I was thinking about writing a little about the difference between quantitative and qualitative studies, but then I regressed thinking about where to start. How do you talk about different types of research without having a good foundation on what research is about? And then I thought: how can I talk about research without setting a foundation of what knowledge is? And then I thought, how can I talk about knowledge without talking about the human cognitive system. I figured that would be a good starting place, though I could have regressed further. Logically speaking there is no clear point at which to stop regression, but that's beside the point. Here I am, considering the vast unconscious.
What is unconscious, are the basic ideas that bind how we see our world. We all adhere to some philosophy; most of us, however, simply accept a basic philosophy without examining it. For example, it is common to believe in a "real world". This is a basic ontological position that has been disputed by philosophers throughout the ages, but the person on the street most likely has a simpler view of this: they accept unconsciously the existence of a real world. Similarly, most people who have not studied issues of epistemology probably believe that knowledge is basically governed by what is called a "correspondence theory of truth": they believe that the truth of a statement or concept depends on whether it accurately reflects the real world.
We reason in terms of such deep understandings of the world. But philosophy, and academe (in which the traditional doctorate in many fields is the doctor of philosophy), the goal is to make such presumptions explicit and then to test them. Now, of course, at some point we choose not to question further, and we accept an understanding--a presumption that we accept as axiomatic. I accept the presumption that there is a real world--though I have consciously examined the idea and recognized weaknesses in the ability to prove the existence of a real world, it does not seem to me sensible or practical to reject the presumption that there is a real world.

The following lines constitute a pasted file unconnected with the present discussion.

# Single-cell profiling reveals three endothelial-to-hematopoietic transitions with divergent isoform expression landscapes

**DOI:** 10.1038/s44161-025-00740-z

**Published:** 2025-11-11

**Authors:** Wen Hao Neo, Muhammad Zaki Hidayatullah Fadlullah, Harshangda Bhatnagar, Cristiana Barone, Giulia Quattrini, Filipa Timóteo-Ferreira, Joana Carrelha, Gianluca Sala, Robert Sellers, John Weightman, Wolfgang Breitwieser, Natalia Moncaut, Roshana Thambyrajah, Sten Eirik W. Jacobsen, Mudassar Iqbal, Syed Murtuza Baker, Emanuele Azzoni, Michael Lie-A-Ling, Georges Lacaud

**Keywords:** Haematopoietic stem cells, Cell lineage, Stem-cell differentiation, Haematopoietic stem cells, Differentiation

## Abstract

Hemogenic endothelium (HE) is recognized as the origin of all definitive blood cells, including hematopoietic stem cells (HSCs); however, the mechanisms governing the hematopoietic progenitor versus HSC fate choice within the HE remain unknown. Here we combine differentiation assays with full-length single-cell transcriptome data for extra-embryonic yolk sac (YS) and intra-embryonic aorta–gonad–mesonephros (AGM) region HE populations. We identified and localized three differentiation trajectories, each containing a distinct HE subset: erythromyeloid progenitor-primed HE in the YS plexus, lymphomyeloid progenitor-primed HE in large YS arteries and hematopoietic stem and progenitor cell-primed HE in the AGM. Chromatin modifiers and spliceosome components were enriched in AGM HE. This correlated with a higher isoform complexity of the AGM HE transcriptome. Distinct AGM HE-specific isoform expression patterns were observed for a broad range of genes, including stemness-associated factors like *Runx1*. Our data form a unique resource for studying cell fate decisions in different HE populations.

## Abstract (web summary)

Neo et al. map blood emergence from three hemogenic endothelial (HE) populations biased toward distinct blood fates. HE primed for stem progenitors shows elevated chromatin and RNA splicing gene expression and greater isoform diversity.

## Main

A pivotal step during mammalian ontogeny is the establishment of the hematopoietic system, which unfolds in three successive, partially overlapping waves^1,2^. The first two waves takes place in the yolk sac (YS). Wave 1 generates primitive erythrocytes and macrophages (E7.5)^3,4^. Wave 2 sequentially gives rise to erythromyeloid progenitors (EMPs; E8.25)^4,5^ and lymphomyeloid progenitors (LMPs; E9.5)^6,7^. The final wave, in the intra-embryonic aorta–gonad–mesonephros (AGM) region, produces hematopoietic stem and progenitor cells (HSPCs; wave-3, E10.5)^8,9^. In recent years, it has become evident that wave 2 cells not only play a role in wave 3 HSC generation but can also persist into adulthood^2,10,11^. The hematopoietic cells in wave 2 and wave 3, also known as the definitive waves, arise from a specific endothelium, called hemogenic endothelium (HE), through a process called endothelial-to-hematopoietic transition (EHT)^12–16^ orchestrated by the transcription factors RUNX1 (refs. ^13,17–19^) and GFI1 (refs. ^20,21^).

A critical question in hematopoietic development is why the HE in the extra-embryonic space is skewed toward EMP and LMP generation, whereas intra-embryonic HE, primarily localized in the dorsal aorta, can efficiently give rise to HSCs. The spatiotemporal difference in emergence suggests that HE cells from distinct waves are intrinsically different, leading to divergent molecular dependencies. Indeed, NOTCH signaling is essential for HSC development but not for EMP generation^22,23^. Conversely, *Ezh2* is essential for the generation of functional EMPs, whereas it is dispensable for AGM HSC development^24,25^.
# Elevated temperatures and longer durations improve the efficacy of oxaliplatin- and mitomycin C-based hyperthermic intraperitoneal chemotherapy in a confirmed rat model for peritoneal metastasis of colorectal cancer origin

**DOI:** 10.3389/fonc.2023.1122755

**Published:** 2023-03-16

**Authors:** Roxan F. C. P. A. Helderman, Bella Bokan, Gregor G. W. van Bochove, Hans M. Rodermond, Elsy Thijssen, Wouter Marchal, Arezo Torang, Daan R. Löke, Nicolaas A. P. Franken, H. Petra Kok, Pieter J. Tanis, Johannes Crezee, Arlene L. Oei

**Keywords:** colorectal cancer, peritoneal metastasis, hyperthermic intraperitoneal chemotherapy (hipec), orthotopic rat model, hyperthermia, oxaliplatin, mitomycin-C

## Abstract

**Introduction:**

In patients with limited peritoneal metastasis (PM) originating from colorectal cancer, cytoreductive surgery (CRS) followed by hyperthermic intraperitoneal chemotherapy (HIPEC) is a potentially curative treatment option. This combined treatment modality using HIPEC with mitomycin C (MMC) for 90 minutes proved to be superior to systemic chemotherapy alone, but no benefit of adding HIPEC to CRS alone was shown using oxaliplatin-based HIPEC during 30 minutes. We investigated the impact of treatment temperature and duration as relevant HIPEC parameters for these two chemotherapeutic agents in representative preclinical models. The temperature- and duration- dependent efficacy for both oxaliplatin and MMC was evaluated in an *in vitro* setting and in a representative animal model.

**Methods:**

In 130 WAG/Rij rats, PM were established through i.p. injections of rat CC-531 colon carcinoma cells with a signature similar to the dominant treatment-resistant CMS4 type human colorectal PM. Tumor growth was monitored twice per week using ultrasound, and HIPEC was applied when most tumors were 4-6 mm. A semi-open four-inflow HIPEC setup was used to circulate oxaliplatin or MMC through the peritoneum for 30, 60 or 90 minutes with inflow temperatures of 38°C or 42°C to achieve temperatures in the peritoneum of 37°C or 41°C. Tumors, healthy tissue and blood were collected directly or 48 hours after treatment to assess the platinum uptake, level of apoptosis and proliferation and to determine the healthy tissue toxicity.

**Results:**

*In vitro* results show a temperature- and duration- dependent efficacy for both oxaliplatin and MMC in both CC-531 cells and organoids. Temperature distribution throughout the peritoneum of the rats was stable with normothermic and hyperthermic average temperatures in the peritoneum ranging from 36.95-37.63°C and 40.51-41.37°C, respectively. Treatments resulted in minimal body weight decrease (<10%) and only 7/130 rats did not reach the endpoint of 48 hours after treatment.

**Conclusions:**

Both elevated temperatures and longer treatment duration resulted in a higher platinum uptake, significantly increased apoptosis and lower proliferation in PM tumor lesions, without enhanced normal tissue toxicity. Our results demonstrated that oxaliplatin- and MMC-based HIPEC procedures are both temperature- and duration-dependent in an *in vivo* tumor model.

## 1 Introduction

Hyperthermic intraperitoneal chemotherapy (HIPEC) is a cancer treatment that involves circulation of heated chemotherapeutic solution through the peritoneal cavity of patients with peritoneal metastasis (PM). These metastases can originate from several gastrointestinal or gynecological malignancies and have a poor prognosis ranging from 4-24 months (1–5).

Relying on such unconscious principles can cause problems when working in academia. In particular, understanding research and research principles is greatly facilitated if we can bring unconscious beliefs, like that of a correspondence theory of truth, into our conscious reasoning. Having a conscious understanding of these beliefs provides a good foundation from which to reason. If we reason from a conscious understanding of what the general project of research is about, it is easier to design a sound research project and to find a project that suits your interests.
Sadly, we often don't have a good understanding of these deep ideas. Research is often conducted on the basis of models: we imitate the research ideas of others. While this is a very effective technique in some ways--there is definitely value in modeling the behavior of others--it is also a technique that can hinder the writing up of a work, and can hinder your explanation of why you have arrived at a specific research method: "I copied someone else's research" isn't the strongest of arguments (it's not the weakest, either, but that's beside the point).
Of course, it takes time to make these things conscious, and to understand the issues at hand. But it seems to me that a researcher will facilitate his or her efforts by having a clear idea of the philosophical premises that they are trying to realize: what makes an argument strong and what doesn't?